What you need to know:
- The Ethics and Anti-Corruption Commission (EACC) is investigating the loss of Sh791 million of taxpayers’ money in fraudulent payments by NYS.
- Through his lawyer Wanyonyi Chebukati, Mr Kinisu has confirmed that the company had received Sh35.4 million from the NYS over the past three-and-a-half years.
Embattled anti-corruption commission Chairman Philip Kinisu was on Thursday put under intense pressure to leave office when fellow commissioners joined calls to have him removed.
The commissioners asked their boss to take “personal responsibility” and leave the anti-graft agency because of his company’s involvement with scandal-riddled National Youth Service.
They warned that Mr Kinisu faced imminent suspension unless he voluntarily stepped aside to pave way for investigations.
The Ethics and Anti-Corruption Commission (EACC) is investigating the loss of Sh791 million of taxpayers’ money in fraudulent payments by NYS, a scandal that has claimed the careers of senior government officials, including former Devolution Cabinet Secretary Anne Waiguru.
“The commission wishes to inform the public that it has written to the Attorney-General, seeking his legal opinion on the matter, more particularly considering that the view of the commissioners is that the chairperson should take personal responsibility without the necessity of a suspension being invoked,” the team said in a statement.
They added: “This voluntary action will pave way for independent investigations into the matter and also set the standards as the chair of EACC.”
Mr Kinisu and his relatives own Esaki Ltd, the company that was paid millions of shillings by the Devolution ministry and NYS.
Through his lawyer Wanyonyi Chebukati, Mr Kinisu has confirmed that the company had received Sh35.4 million from the NYS over the past three-and-a-half years.
Further revelations, which he has failed to confirm, show that Esaki was licensed to deal with pest control products on March 23, last year, just a day before the Health ministry opened a tender for the supply of insecticides and that it was awarded the contract of Sh150 million.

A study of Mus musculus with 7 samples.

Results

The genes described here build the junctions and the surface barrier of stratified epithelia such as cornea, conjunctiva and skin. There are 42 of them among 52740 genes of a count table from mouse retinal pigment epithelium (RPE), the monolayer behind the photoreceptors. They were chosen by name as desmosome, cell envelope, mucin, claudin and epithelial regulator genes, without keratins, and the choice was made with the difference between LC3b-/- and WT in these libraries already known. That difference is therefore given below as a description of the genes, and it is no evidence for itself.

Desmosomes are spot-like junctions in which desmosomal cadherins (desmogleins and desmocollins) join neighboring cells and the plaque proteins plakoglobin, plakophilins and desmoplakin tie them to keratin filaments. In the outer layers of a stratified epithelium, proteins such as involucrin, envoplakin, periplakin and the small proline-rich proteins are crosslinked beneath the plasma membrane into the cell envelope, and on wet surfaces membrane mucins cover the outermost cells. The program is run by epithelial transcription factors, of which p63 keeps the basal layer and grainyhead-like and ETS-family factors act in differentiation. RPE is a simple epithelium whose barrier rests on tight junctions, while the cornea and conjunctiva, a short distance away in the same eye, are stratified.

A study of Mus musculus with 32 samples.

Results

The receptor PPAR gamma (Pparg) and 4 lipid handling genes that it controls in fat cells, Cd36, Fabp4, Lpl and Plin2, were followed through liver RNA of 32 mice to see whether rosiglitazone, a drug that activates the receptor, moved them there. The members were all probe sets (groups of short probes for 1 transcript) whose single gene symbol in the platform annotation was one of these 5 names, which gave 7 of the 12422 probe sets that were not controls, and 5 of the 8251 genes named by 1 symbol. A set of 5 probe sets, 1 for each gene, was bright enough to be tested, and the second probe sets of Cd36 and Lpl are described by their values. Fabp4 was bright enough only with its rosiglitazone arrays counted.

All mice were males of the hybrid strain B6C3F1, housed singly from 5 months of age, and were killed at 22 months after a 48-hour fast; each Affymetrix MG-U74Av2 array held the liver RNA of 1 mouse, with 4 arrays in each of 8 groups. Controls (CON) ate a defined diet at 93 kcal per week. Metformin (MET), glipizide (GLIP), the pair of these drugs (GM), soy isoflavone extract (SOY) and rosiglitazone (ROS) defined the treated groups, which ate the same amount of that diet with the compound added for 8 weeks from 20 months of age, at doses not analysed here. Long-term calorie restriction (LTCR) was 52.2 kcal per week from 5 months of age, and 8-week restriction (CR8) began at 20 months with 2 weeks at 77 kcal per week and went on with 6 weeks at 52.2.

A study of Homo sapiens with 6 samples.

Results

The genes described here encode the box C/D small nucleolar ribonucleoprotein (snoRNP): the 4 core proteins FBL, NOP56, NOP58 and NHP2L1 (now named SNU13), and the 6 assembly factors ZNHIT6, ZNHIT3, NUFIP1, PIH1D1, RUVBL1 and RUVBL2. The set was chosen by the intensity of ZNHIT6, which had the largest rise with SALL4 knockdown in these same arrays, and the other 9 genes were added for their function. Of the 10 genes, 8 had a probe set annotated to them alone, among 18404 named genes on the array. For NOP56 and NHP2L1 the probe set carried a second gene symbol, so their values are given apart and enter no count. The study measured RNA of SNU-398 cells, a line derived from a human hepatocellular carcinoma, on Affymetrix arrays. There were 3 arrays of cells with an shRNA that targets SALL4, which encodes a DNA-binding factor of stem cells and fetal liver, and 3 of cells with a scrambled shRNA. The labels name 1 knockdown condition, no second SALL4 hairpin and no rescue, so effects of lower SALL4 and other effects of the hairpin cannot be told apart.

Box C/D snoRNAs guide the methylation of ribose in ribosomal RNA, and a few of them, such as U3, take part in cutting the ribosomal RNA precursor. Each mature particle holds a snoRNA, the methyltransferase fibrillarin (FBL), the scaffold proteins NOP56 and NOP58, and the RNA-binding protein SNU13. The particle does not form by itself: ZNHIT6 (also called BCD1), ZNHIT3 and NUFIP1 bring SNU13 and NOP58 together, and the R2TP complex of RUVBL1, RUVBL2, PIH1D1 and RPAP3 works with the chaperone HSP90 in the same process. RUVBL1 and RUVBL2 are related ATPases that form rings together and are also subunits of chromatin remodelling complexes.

“By virtue of his office and his relationship with Esaki Ltd, the chairperson’s personal interests are in apparent conflict with those of the public in respect of the subject investigations,” said the commissioners.
“Holders of public office are required to observe high ethical standards and therefore, the view of the commissioners is that the continued occupation of the office of the chairperson of the commission is in apparent or potential conflict with public interest, whether real or perceived,” they added in the statement signed by vice-chairperson Sophia Lepuchirit, chief executive Halakhe Waqo, Mr Dabar Abdi Maalim, Mr Paul Mwaniki Gachoka and Mrs Rose Mghoi Macharia.
They cited the Constitution, the Leadership and Integrity Act and the EACC Code of Conduct to justify their demands.
Neither Mr Kinisu nor his lawyer answered calls from the Daily Nation.
The EACC boss, however, sought to defend himself on July 19, blaming his woes on corruption cartels involving high profile people under investigations and employees at the commission.
He said he resigned from Esaki’s board of directors on April 19, this year “because of his commitment to EACC and that all transactions with NYS, and other government agencies were above board.
He also said he was not directly involved in the NYS investigations and thus the issue of conflict of interest was irrelevant.
But the commissioners countered: “The chairman is tasked with the responsibility of providing policy direction on all matters for the commission, including investigations into corruption, economic crimes and unethical conduct.
The chairperson is also involved in considering files where investigations are concluded and is a joint signatory to files forwarded to Director of Public Prosecutions for review and further action.”
Investigations against Mr Kinisu, and by extension, Esaki, are being conducted by the Directorate of Criminal Investigations, Assets Recovery Agency and Kenya Revenue Authority.